BOSTON (CBS) - Whose brilliant idea was it to have the Democrats – a full 17 months before election day – begin their campaign to unseat one of the least-popular incumbent presidents of all time with a massive gift of attack material to the Republicans?

I thought the Democratic National Committee's scheme of ultra-early debates with low entry thresholds guaranteeing a cattle-call spectacle was a terrible idea when they announced it back in February, and I'm totally convinced of it now.

The Trump campaign now has high-resolution video of Sen. Elizabeth Warren endorsing a single-payer health plan that most of her fellow candidates say will cost millions their private health coverage; Sen. Kamala Harris angrily denouncing former Vice President Joe Biden for his long-ago opposition to federally-mandated school busing; and Biden fumbling his way through an unpersuasive response, terminated by a GIF for the ages: "my time is up."

Nice self-own, Democrats.

Perhaps it will all be long forgotten by the time actual caucuses and voting begin.

Don't forget how so many observers (including yours truly) thought Donald Trump had immolated his nascent candidacy in mid-July of 2015 when he declared that war hero John McCain was "not a war hero. He was a war hero because he was captured. I like people who weren't captured."

Rumor has it Trump went on to become president.

The Biden/Harris clash may have lasting impact because of the centrality of African-American voters to the Democratic nomination.

Black voters have been among Biden's most avid early supporters because of fond memories of his partnership with President Obama. Even though Harris did say Thursday night she doesn't consider Biden a racist, that may now change.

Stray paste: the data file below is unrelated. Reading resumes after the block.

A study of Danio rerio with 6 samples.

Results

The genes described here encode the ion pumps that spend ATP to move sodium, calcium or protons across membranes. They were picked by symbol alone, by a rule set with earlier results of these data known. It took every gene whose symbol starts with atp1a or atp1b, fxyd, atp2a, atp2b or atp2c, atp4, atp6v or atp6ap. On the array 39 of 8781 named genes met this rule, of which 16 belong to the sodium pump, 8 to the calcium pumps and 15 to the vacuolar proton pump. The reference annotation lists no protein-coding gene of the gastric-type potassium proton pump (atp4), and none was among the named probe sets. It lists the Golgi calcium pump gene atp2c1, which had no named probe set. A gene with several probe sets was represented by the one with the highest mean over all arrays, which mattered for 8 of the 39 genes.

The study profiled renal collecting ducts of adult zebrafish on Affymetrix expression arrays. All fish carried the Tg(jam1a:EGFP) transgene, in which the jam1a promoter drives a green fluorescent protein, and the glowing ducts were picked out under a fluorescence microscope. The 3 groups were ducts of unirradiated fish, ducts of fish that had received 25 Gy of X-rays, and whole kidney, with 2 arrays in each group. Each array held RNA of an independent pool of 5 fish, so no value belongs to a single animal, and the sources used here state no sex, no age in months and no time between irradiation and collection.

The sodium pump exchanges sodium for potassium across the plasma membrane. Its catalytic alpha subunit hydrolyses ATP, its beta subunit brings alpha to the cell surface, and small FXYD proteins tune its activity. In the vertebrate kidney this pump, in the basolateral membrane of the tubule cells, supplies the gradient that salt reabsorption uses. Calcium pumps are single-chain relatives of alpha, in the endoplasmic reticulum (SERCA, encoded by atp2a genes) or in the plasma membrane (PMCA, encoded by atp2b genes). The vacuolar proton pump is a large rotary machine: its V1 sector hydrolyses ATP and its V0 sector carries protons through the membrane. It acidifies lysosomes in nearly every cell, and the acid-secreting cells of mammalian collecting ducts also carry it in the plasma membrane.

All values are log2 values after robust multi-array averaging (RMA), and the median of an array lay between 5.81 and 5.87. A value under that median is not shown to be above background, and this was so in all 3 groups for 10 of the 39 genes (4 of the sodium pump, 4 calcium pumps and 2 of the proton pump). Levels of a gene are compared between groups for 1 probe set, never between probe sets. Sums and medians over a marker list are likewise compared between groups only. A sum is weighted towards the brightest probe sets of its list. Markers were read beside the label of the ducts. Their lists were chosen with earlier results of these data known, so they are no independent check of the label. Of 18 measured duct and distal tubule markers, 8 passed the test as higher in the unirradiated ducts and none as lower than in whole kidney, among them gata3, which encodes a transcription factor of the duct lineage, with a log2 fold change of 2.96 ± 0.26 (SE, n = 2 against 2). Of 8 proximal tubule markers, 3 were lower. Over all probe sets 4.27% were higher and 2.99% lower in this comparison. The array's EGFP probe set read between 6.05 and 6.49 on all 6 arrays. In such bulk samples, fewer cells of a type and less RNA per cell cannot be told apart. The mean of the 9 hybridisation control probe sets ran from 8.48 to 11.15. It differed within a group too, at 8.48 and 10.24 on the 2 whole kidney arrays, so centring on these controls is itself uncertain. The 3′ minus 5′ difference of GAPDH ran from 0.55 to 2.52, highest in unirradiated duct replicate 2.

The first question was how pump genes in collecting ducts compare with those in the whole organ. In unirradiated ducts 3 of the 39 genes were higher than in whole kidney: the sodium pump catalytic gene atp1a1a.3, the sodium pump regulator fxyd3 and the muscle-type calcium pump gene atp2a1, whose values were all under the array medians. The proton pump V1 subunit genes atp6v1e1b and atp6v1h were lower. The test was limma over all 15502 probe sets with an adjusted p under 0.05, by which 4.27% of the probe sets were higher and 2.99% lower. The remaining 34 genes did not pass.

Watch the polls in South Carolina, where black voters dominate, to see if Biden bought himself some real trouble.

But while context often matters little to partisans and the Twitter mob, the implication of Harris's criticisms – that the Biden of the mid-1970s was less than emphatic about his opposition to segregation – call for a quick look back at history.

The segregationists who made sure children of color were kept in all-black, inferior schools were, by definition, racists. Some of the loudest critics of federally-mandated busing were also.

But not all. Former Boston Mayor Ray Flynn, who led an unprecedented effort to desegregate Boston public housing in the 1980s, comes to mind.

Flynn and others were legitimately angered by the behavior of a federal judge who lived in Wellesley and exempted all-white suburbs from his Boston school desegregation order, expressing contempt for the working-class whites who balked at his plan.

Sen. Harris Thursday night poignantly recalled her pain as a young girl joining one of the early integrated classrooms in her hometown of Berkeley, California. "On this subject it cannot be an intellectual debate among Democrats," she said.

If that means we aren't allowed to recall the complex reactions of the time to the way school desegregation was handled – or note that even today, people of color and other non-racists see long-resegregated urban schools where black children continue to receive substandard services and wonder what the busing policies of the 1970s really achieved – then Democrats are really in trouble, with precisely the older, white voter demographic that gravitated to Trump in 2016.